So marijuana is legal in some states but illegal under federal law?
Correct. The relevant federal law is the Controlled Substances Act (CSA). Under the CSA, federal agencies, such as the Drug Enforcement Agency or the Food and Drug Administration, classify or "schedule" virtually every substance capable of interacting with the human body. Substances are classified across five schedules. Schedule 1 substances have a high potential for abuse and no currently accepted medical use, while Schedule 5 substances have a low potential for abuse and a currently accepted medical use. Marijuana has always been a Schedule 1 substance, along with heroin, LSD, and ecstasy, for example. As a Schedule 1 substance, under federal law, possession or use of marijuana for any reason is strictly illegal.
Nevertheless, as of right now, at least 25 states and the District of Columbia have outright authorized marijuana for medical and/or recreational use. Many other states and municipalities have reduced criminal penalties for marijuana possession, or now allow those charged with possession to assert medical necessity as a defense to prosecution. Thus, in some places, marijuana is legal (under state law or local ordinance) but illegal (under federal law).
So can an employee be fired for using marijuana in the workplace?
Yes. Marijuana use or possession in the workplace is grounds for disciplinary action, up to and including immediate termination. Under federal law, marijuana use and possession are illegal. For this reason alone, employers can take disciplinary action based on marijuana use or possession in the workplace.
Can an employee be fired for using marijuana outside of the workplace?
Likely yes. Only three states currently provide employment protection for individuals using marijuana outside of the workplace—Arizona, Delaware, and Minnesota. In these three states, assuming the employee is lawfully registered for medical marijuana use, employers must show actual impairment during working hours to terminate. Otherwise, marijuana use—medical or recreational—is not protected at the state or local level. Additionally, every federal court to consider the issue has held that marijuana use is not a reasonable accommodation under the Americans with Disabilities Act (ADA).
For employers, this is generally good news, but it does not provide the answer to every question or situation. Take, for example, an employee asking to use medical marijuana outside of the workplace to treat a medical condition. While this may not be a reasonable accommodation under the ADA, the employer should still engage in the interactive process required by the ADA, such as by soliciting other proposed accommodations from the employee. As another example, say an employer learns from social media that two employees used marijuana outside of the workplace. If one employee is terminated but the other is not, this inconsistency could be seen as discriminatory if the employees are different races, genders, etc. Or say an employer learns an employee sometimes uses marijuana outside of the workplace in connection with a religious practice or ritual. This may provide an employer grounds for drug testing the employee, but using it as grounds for immediately terminating the employee will likely give rise to a charge of religious discrimination.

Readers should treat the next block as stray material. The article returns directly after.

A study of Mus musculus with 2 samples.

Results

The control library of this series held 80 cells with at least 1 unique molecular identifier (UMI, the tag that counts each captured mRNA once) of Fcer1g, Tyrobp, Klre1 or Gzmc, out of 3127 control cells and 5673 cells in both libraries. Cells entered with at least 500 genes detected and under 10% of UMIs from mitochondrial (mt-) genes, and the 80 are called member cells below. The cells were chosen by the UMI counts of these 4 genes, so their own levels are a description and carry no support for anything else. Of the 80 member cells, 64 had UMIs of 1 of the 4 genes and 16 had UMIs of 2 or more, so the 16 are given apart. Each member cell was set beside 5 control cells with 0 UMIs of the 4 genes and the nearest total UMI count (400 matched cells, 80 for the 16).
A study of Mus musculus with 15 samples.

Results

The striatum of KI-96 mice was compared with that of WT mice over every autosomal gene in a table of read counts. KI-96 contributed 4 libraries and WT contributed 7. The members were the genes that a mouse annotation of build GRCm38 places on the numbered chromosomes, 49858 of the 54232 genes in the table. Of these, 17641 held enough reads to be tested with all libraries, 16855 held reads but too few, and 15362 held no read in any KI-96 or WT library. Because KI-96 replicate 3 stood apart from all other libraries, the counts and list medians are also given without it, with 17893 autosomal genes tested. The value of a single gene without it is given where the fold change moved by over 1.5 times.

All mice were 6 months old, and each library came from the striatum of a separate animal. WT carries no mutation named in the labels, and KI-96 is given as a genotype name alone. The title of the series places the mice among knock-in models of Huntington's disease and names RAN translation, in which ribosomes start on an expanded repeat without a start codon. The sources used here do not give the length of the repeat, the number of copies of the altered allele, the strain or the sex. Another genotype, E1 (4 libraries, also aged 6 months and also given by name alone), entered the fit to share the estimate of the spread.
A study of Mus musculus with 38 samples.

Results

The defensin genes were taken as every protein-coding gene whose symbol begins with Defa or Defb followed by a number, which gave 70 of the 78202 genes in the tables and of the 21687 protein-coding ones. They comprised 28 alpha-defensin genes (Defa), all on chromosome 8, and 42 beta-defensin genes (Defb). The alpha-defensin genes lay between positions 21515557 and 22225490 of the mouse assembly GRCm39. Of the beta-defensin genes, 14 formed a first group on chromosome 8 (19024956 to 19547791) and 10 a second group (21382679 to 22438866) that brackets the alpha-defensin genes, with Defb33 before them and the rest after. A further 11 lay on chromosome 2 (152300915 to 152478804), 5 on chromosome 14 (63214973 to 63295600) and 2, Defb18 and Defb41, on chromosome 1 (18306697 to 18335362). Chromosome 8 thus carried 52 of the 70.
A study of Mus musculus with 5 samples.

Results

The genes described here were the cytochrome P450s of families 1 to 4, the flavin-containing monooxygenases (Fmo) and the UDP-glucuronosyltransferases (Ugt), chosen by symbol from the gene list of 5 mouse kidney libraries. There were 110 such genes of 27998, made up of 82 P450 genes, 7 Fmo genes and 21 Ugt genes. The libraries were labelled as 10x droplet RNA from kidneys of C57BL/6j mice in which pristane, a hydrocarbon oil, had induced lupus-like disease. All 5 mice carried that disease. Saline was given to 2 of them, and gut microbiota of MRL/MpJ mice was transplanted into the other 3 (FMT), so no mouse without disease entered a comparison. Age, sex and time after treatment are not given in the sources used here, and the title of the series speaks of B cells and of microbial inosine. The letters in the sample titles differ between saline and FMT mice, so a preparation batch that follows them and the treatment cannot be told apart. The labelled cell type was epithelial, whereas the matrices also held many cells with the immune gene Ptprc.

The overall takeaway is this: As of right now, marijuana remains illegal under federal law; therefore, employment decisions based on the use of marijuana outside of the workplace are generally defensible. By avoiding snap decisions and following the traditional decision-making process, employers make any decision that much more defensible.
You keep saying "as of right now" — what is about to change?
Good catch! Currently working its way through Congress is the Compassionate Access, Research Expansion, and Respect States Act of 2015. The CARERS Act seeks to address the conflict between federal and state laws concerning medical marijuana. It enjoys bipartisan support, and by all accounts, is the most comprehensive piece of marijuana-related legislation ever introduced. In general, under the Act, marijuana is no longer a Schedule 1 substance; legal marijuana businesses gain access to banks; and restrictions on marijuana research are removed.
Of particular note to this article, if the Act passes, the conflict between federal and state laws would largely disappear, at least with respect to medical marijuana. Without this conflict, employers are more likely to be subject to state laws protecting medical marijuana use by employees outside of the workplace. And without this conflict, medical marijuana is more likely to be treated as a prescription drug—as opposed to an illegal drug—when it comes to workplace drug testing. Unlike tests for illegal drugs, tests for prescription drugs can be considered medical examinations under the ADA. The EEOC requires any medical examination under the ADA to be job-related and consistent with a business need.
Congress has until the end of the year to vote on the CARERS Act.
If you have any questions or need any additional information about this topic, please contact the author or your regular Baker Donelson attorney.